There is something ancient about the National Pastime that evokes the spiritual, the other-worldly. I submit “The Natural” and “Field of Dreams.”
Now two friends of mine have written topical essays about the overlap between baseball and the Jewish holy days.
In New York, we are used to glorious weather for Rosh Hashanah and Yom Kippur. Last Sunday, the rain stopped right around sundown on the Jewish New Year to let the United States Open begin, albeit three hours late. Tennis fans did not have to be Jewish to benefit from the cessation.
The baseball season is always in its crucial days when the holy days arrive. My friend Mendel Horowitz, rabbi and family therapist in Israel, who often contributes insightful comments on this site, has written about the intersection of the sacred and the profane. Here is the link from the Washington Post the other day:
And my friend Hillel Kuttler from Baltimore has written about an event half a century ago, when Sandy Koufax chose to not pitch the opening game of the World Series on Yom Kippur. Kuttler discusses the message Koufax sent to Jews (and others.) The link from the Jewish Telegraphic Agency:
I covered that World Series in Minnesota, when Don Drysdale, the second ace, was hammered. Kuttler repeats the anecdote that when manager Walter Alston came to the mound to take him out in the third inning, Drysdale said, "I bet right now you wish I was Jewish, too." Everybody low-keyed that observance, including Koufax. He just never worked on that day. The Dodgers won the Series anyway.
Woe to people who ignore the holy days. In 1986, Major League Baseball scheduled a night game and a subsequent day game -- not one game but two -- within the 24 hours of Yom Kippur. In New York.
I’m not Jewish, but I know from chutzpah. My column on Oct. 1, 1986, predicted a deluge:
The Sunday night game was rained out. Of course. Mendel Horowitz and Hillel Kuttler understand.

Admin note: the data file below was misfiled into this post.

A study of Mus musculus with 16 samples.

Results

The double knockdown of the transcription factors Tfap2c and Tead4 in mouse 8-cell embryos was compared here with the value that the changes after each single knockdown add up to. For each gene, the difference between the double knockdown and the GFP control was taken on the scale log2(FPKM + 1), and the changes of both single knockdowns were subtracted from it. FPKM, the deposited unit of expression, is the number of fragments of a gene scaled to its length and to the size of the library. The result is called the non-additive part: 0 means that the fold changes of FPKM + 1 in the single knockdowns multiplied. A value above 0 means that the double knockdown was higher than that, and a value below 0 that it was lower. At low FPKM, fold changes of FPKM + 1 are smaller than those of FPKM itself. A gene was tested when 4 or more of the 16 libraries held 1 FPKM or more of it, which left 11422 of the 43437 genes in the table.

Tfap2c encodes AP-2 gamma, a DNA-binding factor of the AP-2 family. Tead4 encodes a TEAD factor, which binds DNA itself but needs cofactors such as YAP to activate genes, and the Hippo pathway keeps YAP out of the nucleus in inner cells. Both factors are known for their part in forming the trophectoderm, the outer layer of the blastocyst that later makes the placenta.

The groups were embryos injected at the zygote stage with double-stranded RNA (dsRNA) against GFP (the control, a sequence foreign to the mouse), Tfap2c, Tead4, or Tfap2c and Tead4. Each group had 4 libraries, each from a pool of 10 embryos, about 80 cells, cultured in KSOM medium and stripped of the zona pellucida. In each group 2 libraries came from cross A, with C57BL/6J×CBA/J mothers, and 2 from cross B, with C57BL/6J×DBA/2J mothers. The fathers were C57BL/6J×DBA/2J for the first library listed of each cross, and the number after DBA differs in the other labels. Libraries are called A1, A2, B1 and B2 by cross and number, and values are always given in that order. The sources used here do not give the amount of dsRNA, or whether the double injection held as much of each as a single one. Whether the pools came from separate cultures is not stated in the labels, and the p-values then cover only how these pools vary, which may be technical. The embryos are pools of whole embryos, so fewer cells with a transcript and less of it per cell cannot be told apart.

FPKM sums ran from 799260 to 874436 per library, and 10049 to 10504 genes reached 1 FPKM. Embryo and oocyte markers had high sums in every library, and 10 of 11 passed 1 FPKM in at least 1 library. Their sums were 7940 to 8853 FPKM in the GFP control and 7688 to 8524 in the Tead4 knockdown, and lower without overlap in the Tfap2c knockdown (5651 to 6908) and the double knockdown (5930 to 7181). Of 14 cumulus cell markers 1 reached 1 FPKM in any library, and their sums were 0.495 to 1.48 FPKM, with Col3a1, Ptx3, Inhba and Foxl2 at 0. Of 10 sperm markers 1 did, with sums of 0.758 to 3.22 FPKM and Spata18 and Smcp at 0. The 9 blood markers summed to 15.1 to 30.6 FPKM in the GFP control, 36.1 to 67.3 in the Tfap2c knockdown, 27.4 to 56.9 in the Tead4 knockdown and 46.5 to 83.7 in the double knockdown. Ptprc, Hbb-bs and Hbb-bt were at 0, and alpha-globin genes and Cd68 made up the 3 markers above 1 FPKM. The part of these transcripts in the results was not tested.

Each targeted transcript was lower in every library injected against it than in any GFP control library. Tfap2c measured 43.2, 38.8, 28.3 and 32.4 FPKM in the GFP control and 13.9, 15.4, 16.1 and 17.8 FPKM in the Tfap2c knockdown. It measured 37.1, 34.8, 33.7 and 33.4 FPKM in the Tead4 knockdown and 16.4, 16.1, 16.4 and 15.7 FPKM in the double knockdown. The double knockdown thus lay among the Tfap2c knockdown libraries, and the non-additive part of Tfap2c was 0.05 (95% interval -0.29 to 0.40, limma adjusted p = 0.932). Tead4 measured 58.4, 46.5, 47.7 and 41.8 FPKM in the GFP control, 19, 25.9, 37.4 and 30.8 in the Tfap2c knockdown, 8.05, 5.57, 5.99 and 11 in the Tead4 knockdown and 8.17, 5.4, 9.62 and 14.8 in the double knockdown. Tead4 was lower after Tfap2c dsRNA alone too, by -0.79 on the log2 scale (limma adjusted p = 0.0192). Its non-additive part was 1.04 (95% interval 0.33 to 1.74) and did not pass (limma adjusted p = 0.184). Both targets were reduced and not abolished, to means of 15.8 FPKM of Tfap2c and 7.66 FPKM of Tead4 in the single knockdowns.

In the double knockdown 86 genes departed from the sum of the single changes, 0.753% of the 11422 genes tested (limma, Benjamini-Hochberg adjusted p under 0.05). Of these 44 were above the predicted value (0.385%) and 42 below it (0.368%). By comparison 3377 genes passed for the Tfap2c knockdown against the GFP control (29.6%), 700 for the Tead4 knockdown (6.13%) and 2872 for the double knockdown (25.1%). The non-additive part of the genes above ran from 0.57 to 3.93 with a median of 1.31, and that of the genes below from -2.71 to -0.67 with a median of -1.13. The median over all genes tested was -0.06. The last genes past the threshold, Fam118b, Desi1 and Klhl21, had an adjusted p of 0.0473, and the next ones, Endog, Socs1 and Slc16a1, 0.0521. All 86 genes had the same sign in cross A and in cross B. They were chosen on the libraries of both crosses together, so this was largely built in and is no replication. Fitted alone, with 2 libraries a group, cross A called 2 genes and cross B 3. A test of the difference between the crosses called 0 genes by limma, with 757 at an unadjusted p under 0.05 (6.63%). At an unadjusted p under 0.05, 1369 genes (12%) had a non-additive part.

"Among the things that have long fascinated people about Jesus and explain his enduring appeal is his method of dialogue and teaching. "He asked a lot of questions and told a lot of stories in the form of parables. In fact, parables form about a third of Jesus’ recorded teachings. The Gospels were written decades after he died, so his questions and parables clearly left a deep impression on those who bore testimony to him....
"Some of Jesus’ questions were rhetorical; others were meant to challenge or even provoke. In some cases, Jesus used questions to parry attacks by religious authorities who set traps for him. In others, he used questions to enter more fully into the lives of others and to help people look at the state of their hearts. He asked people about their fears and their faith. Jesus used questions to free a woman caught in adultery from condemnation and to inquire whether people considered him to be the Messiah. He probed deeply into questions not many had asked before him, like “For what is a man profited, if he shall gain the whole world, and lose his own soul?”
---(Peter Wehner, long-time White House consultant and writer, in the NYT last week about Jesus Christ’s method of teaching by asking questions.)
"Would that I could mention all the illuminating details in this biography, for example, why Wells praised Black Americans so highly, saying, 'I took a mighty liking to these gentle, human, dark-skinned people,' and 'Whatever America has to show in heroic living today, I doubt if she can show anything finer than the quality of the resolve, the steadfast efforts hundreds of black and colored men are making today to live blamelessly, honorably and patiently, getting by themselves what scraps of refinement, beauty and learning they may, keeping their hold on a civilization they are grudged and denied.''
-- "How H.G. Wells Predicted the 20th Century," Charles Johnson, NYT Book Review, Nov. 19, 2021. ***".
...the monsters arrive."
"They come in a deafening, surging swarm, blasting from lawn to lawn and filling the air with the stench of gasoline and death. I would call them mechanical locusts, descending upon every patch of gold in the neighborhood the way the grasshoppers of old would arrive, in numbers so great they darkened the sky, to lay bare a cornfield in minutes. But that comparison is unfair to locusts.
"Grasshoppers belong here. Gasoline-powered leaf blowers are invaders, the most maddening of all the maddening, environment-destroying tools of the American lawn-care industry."
---The great Margaret Renkl, from Nashville, one of my favorite NYT bylines, Oct. 26, 2021.
(She describes our Long Island enclave to every decibel, every stink.)